The Comenian

The student news site of Moravian University

The Comenian

Kameenian Korner: How to Defuse Weaponized Incompetence

Photo edited by Liz Kameen, photos from Canva.
Photo edited by Liz Kameen, photos from Canva.

If there is one thing that I wanted to bring up before the end of International Women’s Month, it is the apocalypse of man-babies that aren’t looking for a girlfriend – they want a second mother. 

Ever since I learned the term weaponized incompetence, I have seen it unevenly applied to women – and unfortunately, I fear they enable the behavior more than correct it. So, what is weaponized incompetence? Exactly what it sounds like: someone manipulatively weaponizing incompetence, even if they know how to do something. 

The thought process behind these actions is that if your partner asks you to do something and you purposely do a bad enough job, they won’t ask you to do it again. The kicker of this mindset is that it is NOT an actual incompetence or inability to do something—it is a purposeful resistance to doing something. 

Imagine you ask your boyfriend to make dinner for you since you have cooked for him every day for weeks, and then he heats you up a microwave mac and cheese container. Despite feeding him handmade pasta, steak, and sauteed vegetables handmade meals, he acts shocked when you come home and complain. You never ask him to cook for you again. Or, you ask him to cook dinner, and he immediately says, “But I don’t know how, and you do it so much better than me, anyway.” 

Now, weaponized incompetence is unfortunately evident in much more than heterosexual dynamics and is even visible in professional and familial dynamics – but this is a relationship column, so I’m only focusing on the first point here. 

Why is this so bad in relationships? Well, for starters, it creates an unequal burden of physical labor on one partner. This unequal distribution of tasks will lead to resentment and conflict, no matter what. One partner cannot bear the weight of the entire relationship or household, and if they do, it won’t be long before they buckle. 

Solving this epidemic is easier said than done, though. Talking to your partner about this can feel almost offensive, and there are not many ways to say, “Are you faking being stupid?” in a nice way—but it needs to be done. Being genuine about specific actions, like: “Why did you continue to tell that girl about our relationship problems when I specifically told you that it made me feel uncomfortable?” or “When you keep doing the same actions despite me telling you how that makes me feel, it makes me feel like I’m not valued,” can possibly provide some better outcomes.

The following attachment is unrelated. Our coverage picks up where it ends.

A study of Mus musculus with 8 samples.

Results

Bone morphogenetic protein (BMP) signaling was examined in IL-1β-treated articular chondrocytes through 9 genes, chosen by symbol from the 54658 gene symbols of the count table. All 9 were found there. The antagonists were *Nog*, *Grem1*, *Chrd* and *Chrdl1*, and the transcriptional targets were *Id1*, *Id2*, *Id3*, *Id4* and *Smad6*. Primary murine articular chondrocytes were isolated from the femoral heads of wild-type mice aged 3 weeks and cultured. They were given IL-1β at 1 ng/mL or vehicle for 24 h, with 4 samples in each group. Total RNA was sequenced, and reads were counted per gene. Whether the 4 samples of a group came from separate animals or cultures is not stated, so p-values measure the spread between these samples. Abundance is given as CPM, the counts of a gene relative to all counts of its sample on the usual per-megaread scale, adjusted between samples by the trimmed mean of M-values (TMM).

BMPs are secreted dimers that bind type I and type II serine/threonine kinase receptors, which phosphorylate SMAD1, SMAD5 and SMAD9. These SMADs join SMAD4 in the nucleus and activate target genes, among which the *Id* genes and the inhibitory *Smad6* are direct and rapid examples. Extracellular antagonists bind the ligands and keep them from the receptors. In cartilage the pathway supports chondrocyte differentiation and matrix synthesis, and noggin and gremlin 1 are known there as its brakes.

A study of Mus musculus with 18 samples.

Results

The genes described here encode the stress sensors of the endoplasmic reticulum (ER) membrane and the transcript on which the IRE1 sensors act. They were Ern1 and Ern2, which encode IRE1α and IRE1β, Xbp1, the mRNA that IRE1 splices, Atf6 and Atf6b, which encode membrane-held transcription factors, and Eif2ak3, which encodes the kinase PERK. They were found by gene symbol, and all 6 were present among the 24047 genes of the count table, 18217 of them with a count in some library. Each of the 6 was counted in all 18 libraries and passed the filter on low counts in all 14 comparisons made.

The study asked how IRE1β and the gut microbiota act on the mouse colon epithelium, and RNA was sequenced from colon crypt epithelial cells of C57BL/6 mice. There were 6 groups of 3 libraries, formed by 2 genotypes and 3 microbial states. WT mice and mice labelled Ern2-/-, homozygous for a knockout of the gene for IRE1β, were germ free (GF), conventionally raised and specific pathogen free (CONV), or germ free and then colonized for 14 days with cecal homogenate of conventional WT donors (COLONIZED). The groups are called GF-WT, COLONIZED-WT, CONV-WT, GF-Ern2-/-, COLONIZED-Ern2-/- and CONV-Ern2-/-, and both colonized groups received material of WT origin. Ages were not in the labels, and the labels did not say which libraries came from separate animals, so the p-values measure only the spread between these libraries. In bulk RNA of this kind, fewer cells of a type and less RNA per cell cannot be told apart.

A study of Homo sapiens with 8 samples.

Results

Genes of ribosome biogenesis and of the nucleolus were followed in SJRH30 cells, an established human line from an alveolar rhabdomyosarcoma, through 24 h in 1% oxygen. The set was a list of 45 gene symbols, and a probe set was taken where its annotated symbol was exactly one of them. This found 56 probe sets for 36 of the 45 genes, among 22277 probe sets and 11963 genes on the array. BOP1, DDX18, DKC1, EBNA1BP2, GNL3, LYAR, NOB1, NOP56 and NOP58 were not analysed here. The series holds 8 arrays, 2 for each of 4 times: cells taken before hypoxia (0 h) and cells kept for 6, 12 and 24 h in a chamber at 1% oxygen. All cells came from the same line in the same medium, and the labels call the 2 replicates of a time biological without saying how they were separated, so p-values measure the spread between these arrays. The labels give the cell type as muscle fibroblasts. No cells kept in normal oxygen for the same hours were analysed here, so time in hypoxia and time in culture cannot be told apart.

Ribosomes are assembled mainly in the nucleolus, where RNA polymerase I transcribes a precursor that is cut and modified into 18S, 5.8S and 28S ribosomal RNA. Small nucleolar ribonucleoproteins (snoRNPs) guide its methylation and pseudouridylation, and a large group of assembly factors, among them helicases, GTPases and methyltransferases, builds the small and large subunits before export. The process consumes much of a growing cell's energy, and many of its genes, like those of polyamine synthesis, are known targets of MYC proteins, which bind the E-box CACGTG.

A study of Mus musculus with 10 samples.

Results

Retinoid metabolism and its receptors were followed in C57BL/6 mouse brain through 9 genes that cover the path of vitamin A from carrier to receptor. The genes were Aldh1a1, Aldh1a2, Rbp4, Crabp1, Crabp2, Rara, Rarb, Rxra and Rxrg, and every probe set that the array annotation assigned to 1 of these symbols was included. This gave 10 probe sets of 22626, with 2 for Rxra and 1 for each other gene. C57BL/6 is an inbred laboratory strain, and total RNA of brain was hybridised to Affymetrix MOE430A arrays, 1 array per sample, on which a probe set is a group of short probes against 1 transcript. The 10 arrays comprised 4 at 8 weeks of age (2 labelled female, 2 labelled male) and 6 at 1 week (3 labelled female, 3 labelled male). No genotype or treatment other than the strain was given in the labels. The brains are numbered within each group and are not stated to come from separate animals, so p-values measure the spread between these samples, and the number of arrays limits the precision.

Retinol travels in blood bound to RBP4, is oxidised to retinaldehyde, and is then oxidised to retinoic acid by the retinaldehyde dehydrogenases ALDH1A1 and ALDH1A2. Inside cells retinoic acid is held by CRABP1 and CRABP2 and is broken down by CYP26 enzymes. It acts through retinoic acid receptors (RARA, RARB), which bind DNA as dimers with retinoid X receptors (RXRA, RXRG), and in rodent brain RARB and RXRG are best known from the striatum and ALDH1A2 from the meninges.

And, be sure to have a transparent conversation with your partner. There are some situations, especially this young in life, where before college, they may never have had to do laundry themselves (especially men). You don’t want to accuse your partner of doing something malicious if they genuinely are incapable – but I personally feel like it’s obvious when someone is weaponizing their incompetence.

Communication should always be the first step, but it’s usually not the last. Don’t be afraid to set boundaries. Tell your partner that you aren’t comfortable bearing this much pressure on your own, and hold them accountable if they say they will change. If they don’t make any changes, don’t let up if you feel the relationship is worth anything – if you immediately drop it, they’ll know that technique works and will continue to make empty promises that will never happen. Don’t lower your standards for someone who will continue to dim your expectations.


    This article contains a lot of much needed information. Even though many of us think “well isn’t this obvious?,”unfortunately it is not obvious to many people. This is valuable information and good information to have early in life.